Some MLK Day celebrations take on political tone during historic government shutdown

INDIANAPOLIS, Ind. – As lawmakers spread out across their local communities Monday participating in Martin Luther King Jr. Day celebrations, events and speeches took on a more political tone on day 31 of the partial government shutdown, the longest shutdown in U.S. history.

“He would relate to federal workers working without pay,” Rep. Andre Carson (D-Ind.) told a crowd gathered at the St. John’s Missionary Baptist Church in Indianapolis.

Congress is set to return to Washington this week after a new compromise was proposed by President Donald Trump over the weekend. The president is offering to restore protections for DACA recipients for three years in exchange for more than $5 billion for border wall funding.

Top Democrats called the proposal a “non-starter.”

“One of the things Dr. King taught was despite the greatest odds, despite all the naysayers, occasionally you’re able to accomplish miracles together,” Sen. Todd Young (R-Ind.) said during an interview Monday. “So my hope is Republicans and Democrats during this can come together. Do what’s right for the country. Secure the border and fund the government at the same time.”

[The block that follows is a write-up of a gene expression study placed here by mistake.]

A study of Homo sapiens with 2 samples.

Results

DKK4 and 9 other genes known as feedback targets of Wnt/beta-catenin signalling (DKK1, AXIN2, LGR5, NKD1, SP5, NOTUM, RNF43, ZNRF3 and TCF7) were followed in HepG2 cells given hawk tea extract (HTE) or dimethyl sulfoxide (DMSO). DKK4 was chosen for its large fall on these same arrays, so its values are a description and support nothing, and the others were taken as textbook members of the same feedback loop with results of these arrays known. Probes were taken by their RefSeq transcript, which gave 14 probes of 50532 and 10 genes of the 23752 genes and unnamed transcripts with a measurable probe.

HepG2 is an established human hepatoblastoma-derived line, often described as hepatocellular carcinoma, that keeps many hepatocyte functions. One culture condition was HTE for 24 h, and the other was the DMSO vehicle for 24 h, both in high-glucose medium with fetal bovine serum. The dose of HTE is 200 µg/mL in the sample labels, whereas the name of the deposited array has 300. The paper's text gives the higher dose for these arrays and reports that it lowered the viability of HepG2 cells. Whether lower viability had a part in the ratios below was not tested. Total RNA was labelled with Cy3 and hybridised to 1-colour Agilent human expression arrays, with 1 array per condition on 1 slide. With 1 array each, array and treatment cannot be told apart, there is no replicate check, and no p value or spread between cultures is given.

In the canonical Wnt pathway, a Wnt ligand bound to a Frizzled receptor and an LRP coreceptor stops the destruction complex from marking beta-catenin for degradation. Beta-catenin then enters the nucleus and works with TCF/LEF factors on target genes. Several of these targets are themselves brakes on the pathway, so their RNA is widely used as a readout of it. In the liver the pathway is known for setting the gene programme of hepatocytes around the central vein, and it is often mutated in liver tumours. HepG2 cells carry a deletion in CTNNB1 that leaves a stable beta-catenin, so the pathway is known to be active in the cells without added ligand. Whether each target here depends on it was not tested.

Both Young and Sen. Mike Braun (R-Ind.) issued statements Saturday backing the president’s proposal. And on Sunday, Vice President Mike Pence appeared on both Face the Nation and Fox News Sunday, appearing to suggest the administration may be open to compromise.

“Look, we recognize the legislative process is a process of give and take,” Pence said. “The Democrats want to bring amendments or recommendations forward. I know the president will give them due consideration.”

House Speaker Nancy Pelosi has flatly rejected the president’s offer as House Democrats are expected to continue introducing bills this week that would individually fund and re-open government agencies.

“We need to have a separate conversation about the wall,” Carson said in an interview. “But our federal workers need to be paid. They can’t be used as political pawns. Enough is enough.”